By Iryna Shkurhan | [email protected]
Bay Ridge residents gathered for a vigil on Monday night in honor of the victims of the deadly U-Haul rampage that killed one person and injured eight last week.
On the corner of Bay Ridge Parkway and Fifth Ave in Brooklyn, several city officials, including Mayor Eric Adams, joined community leaders to express their condolences and offer support.
On the same corner, 44 year-old YiJie Ye, a food delivery driver for Uber Eats, was intentionally struck by the assailant who violently pummeled through the streets of the city and drove onto sidewalks in a rented U-Haul truck. Ye sustained a severe head injury and died hours later in NYU Langone Hospital. According to his family, he was a hard-working single father to three teenagers and lived just blocks away.
“His American dream was not supposed to end on this street corner,” said Andrew Gounardes, State Senator of District 26. “The American dream of his children was not supposed to end in a nightmare on this street corner.”
The alleged assailant, Weng Sor, was charged with one count of second-degree murder and seven counts of attempted murder. Police said that the 63-year-old was experiencing a mental health crisis and reportedly saw an “invisible object” approaching him before he took off on the 48 minute rampage before his capture by police in Red Hook.
“Never did I think that this could happen,” said Janice Schiavo, 74, a Bay Ridge resident for over 23 years. When she heard about the vigil she encouraged about ten of her neighbors to also show up in support of the families affected.
It was not lost on the attendees that several of the victims were riding electric scooters and bicycles, a commonality with food delivery workers. And as many pointed out, almost all of the victims were also immigrants.
Mohammed Zakaria Salah Rakchi, another food delivery bike driver, survived the attack but remains hospitalized in critical condition. The 36-year-old father of two dropped off his daughter at school the morning of the attack. His wife attended the vigil but chose to not make a statement at the time.
The attack “left truly a trail of terror in this neighborhood that is haunting a lot of people to this day and has a lot of people on edge,” said Councilman Justin Brannan. “So all we can do is come together and be with each other and make sure these families know we’re here for them.”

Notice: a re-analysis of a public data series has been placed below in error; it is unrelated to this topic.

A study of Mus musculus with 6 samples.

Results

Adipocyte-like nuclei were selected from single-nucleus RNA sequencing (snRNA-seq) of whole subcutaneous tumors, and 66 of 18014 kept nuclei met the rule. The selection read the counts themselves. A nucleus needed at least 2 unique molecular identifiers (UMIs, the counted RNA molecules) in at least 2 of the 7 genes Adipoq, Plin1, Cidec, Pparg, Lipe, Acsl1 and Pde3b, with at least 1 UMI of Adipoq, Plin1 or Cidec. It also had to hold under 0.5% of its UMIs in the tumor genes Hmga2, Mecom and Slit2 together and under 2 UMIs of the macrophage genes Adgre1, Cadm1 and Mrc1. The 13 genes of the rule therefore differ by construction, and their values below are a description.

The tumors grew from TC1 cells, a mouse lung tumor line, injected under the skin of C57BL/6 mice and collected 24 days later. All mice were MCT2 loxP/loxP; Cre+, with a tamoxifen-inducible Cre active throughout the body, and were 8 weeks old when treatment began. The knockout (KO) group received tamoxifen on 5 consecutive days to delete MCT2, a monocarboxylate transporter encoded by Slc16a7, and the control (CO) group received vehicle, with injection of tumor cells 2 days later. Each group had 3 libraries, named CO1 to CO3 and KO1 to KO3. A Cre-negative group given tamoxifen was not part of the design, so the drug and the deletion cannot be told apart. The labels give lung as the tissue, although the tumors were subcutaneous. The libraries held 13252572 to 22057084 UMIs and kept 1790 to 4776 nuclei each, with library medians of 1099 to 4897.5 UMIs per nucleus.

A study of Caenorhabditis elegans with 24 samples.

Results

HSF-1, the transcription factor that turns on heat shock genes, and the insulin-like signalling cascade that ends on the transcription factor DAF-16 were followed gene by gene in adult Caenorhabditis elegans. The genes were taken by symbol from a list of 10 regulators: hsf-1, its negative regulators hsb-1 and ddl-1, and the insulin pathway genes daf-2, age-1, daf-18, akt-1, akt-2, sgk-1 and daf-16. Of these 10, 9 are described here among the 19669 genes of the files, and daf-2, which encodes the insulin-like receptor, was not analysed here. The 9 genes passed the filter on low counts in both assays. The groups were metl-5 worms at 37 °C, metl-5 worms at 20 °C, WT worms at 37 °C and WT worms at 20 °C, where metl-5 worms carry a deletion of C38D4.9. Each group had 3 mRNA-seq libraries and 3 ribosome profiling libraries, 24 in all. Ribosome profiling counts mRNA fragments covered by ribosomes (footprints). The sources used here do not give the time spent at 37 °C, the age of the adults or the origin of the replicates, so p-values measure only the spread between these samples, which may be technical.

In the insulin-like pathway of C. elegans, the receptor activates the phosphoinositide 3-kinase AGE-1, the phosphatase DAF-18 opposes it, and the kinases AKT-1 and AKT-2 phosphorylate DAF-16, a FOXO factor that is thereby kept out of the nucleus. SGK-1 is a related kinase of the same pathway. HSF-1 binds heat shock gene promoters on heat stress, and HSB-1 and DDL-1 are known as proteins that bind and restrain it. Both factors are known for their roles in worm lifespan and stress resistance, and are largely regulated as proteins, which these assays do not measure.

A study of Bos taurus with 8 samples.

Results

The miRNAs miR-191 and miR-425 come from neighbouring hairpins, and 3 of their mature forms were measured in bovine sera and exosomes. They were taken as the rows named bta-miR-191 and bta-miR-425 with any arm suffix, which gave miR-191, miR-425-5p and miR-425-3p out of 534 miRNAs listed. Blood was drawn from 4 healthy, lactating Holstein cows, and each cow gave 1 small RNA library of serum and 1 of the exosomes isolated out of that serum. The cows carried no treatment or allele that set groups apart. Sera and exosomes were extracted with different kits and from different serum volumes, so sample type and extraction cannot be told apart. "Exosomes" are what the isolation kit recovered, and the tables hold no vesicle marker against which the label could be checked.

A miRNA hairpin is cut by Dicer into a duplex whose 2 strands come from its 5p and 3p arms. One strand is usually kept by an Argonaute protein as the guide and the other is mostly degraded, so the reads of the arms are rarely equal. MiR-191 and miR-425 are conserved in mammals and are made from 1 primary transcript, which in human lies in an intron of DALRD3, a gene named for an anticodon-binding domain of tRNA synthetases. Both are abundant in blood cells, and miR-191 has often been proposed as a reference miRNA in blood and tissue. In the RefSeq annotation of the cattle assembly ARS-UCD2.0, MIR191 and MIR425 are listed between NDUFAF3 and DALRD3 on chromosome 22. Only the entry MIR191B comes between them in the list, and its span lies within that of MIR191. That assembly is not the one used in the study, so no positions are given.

For some residents, the attack evoked memories of a similar violent attack involving a U-Haul truck in 2017 where the driver fatally struck eight people in Manhattan. But closer to home, and less than a year ago, a man opened fire on a crowded train in the neighboring area of Sunset Park.
“Something like this could happen anywhere, but it’s shocking when it happens so close to home,” said Kay Chow, 30, a Bay Ridge resident who attended the vigil in support of the families affected.
Some community leaders offered solutions alongside condolences. Steve Mei, Director of Brooklyn Community Services at Chinese-American Planning Council, called on the city to invest in more mental health services for elderly adults.
“I can’t help but acknowledge the perpetrator happens to be an older Asian male,” said Mei and recalled two recent mass shootings in California that were carried out by elderly Asian men in their 60s and 70s.
“Part of the reality is for a lot of people in our community, there’s a cultural impact where we suffer in silence, especially older asian males,” Mei said. “We worry that by speaking out, or speaking of, we are burdening everyone else, and that becomes problematic.”
“We light these candles to honor the grief and the loss felt by so many of us gathered, and to honor the memory and the life of YiJie Ye,” said Karen Tadros of Bay Ridge Cares.
Several volunteers with the organization walked through the crowd to light the candles held in the hands of attendees as the press conference concluded.
“My heart is warmed because I know when one of us is hurting, Bay Ridge comes together in support,” said Marwa Janini, Executive Director of the Arab American Association of New York based in Bay Ridge. “It also aches because we lost one of our own and a Brooklyn family is hurting more than ever, the family of Mr. YiJie Ye.”